Black employees at Liberty U have started resigning after University Prez Jerry Falwell, Jr. made a racist tweet on May 27 featuring an image of blackface and someone in a KKK hood
On May 27, Jerry Falwell, Jr. made the twitter post after Virginia Governor Eric Northam issued an executive order requiring state residents to wear facemasks in public to help slow the spread of COVID-19. Falwell’s opposition to facemasks isn’t surprising as he reopened Liberty University during the epidemic, leading to a dozen students getting sick.
In early 2019, Northam had faced calls to resign after an image from his medical school’s 1984 yearbook showed a picture of him in blackface standing next to someone wearing a KKK hood. In the tweet about Northam’s executive order, Falwell said he would only wear a face mask if it could have that racist yearbook image printed on it.
In response to Falwell’s tweet, 35 Black Liberty University alumni wrote a 2-page public letter to him calling for his resignation and stating that they were “disappointed and deeply grieved by his incendiary rhetoric which has repeatedly violated and misrepresented Christian principles.” They said they would stop urging students to attend Liberty, would no longer donate to the University, and would urge fellow people of faith to avoid speaking at the school unless Falwell changes his behavior or steps aside. A petition associated with the letter also gained nearly 40,000 signatures.
Additionally, Keyvon Scott, a Black admissions counselor at the university, announced his resignation because he said he could no longer encourage attendance at a school with “racially insensitive leadership and culture.” LeeQuan McLaurin, the former director of diversity retention, also resigned, as did Black professor Christopher A. House, who is also a tenured professor at Ithaca College.
Falwell initially shrugged off the Black alumni’s concerns. However, two weeks later, on Monday, June 8, in response to the growing outrage, Falwell deleted the tweet and “apologized” in multiple tweets. “After listening to African American LU leaders and alumni over the past week and hearing their concerns, I understand that by tweeting an image to remind all of the governor’s racist past I actually refreshed the trauma that image had caused and offended some by using the image to make a political point. Based on our long relationships, they uniformly understood this was not my intent, but because it was the result I have deleted the tweet and apologize for any hurt my effort caused, especially within the African American community.”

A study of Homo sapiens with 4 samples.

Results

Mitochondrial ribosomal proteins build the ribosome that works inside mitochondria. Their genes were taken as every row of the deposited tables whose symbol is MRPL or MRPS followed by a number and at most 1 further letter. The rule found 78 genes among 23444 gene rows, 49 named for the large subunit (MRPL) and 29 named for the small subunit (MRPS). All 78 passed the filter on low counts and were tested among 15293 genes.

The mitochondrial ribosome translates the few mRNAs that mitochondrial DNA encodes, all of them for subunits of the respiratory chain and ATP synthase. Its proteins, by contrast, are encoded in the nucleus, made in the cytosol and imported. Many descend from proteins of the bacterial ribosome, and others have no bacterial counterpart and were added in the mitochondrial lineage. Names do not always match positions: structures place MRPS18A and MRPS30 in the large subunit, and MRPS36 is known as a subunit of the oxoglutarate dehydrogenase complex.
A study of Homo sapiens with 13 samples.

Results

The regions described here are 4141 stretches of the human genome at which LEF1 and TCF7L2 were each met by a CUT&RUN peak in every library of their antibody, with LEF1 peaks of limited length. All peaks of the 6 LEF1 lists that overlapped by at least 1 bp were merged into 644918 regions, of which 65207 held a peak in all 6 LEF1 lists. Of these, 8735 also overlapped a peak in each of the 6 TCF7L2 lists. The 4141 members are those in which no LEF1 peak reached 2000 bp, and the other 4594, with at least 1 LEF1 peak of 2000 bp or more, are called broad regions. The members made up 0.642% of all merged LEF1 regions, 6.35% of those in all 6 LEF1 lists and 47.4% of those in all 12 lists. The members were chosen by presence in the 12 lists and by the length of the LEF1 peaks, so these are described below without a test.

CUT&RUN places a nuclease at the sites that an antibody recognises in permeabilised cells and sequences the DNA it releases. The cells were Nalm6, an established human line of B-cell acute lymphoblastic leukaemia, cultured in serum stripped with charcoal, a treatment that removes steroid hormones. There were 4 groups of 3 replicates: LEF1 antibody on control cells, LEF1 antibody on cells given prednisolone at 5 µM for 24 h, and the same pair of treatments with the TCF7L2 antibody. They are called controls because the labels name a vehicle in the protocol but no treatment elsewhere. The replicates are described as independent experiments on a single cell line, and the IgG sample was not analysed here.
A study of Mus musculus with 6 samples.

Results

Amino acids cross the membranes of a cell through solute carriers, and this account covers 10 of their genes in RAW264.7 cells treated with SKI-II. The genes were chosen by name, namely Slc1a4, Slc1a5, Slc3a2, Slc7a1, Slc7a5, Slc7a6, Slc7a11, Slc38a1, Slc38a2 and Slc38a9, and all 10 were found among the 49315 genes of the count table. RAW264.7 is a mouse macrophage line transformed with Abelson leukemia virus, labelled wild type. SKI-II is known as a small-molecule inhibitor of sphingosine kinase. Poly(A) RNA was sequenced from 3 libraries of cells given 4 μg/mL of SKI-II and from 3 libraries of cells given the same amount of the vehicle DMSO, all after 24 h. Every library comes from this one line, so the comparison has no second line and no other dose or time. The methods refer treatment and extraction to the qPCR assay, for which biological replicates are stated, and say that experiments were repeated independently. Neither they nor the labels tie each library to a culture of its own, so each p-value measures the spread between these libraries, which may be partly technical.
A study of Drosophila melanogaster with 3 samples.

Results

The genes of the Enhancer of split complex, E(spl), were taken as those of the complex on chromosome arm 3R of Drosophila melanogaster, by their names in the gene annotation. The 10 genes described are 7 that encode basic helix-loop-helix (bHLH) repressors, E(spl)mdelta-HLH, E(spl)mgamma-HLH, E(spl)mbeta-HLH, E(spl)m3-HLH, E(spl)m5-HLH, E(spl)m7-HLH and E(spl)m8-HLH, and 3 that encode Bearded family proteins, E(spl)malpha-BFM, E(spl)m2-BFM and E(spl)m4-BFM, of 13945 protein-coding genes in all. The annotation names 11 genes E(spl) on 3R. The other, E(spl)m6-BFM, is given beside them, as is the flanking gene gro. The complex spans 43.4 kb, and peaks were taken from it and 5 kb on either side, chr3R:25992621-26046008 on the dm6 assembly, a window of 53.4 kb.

Following his “apology”, Falwell said in an interview that he was unaware of the staff resignations and dismissed staff departures, saying that the university has 9,000 employees. His wife, Becki, added that the school’s human resources department told her that about 35 people stop working for the university each week. Additionally, Falwell was dismissive of the letter signed by the Black alumni, saying it was a very small percentage among the thousands of graduates of the school.
“The tweet was aimed at the governor,” Falwell said. “It accidentally offended them.”
Another African American staff member, who spoke on the condition of anonymity, said Falwell’s tweets were “a cherry on top” of other race-related issues at the school. “It seemed like once donors said I’m not going to put money into your university, that’s when he says, ‘I’m sorry, I apologize,’” she said. “It’s too late!” She said staff members fear losing their jobs, and faculty do not receive tenure.
“You know how back in the slavery days Black people would ‘disobey’? Or they would go against the master? They got whooped for it. They would lose a limb. Well, that limb is you losing your job,” she said. “It’s like, ‘Sit down, shut up and do your job.’ You lose your job, lose your benefits.”
In addition to “apologizing”, Falwell said he might make Martin Luther King, Jr. Day a holiday at the school, local CBS station WDBJ7 reported. Although the day is already a holiday at both the federal and state level, it is not currently recognized by Liberty University, which used that date in 2016 to host an event by then-presidential candidate Trump.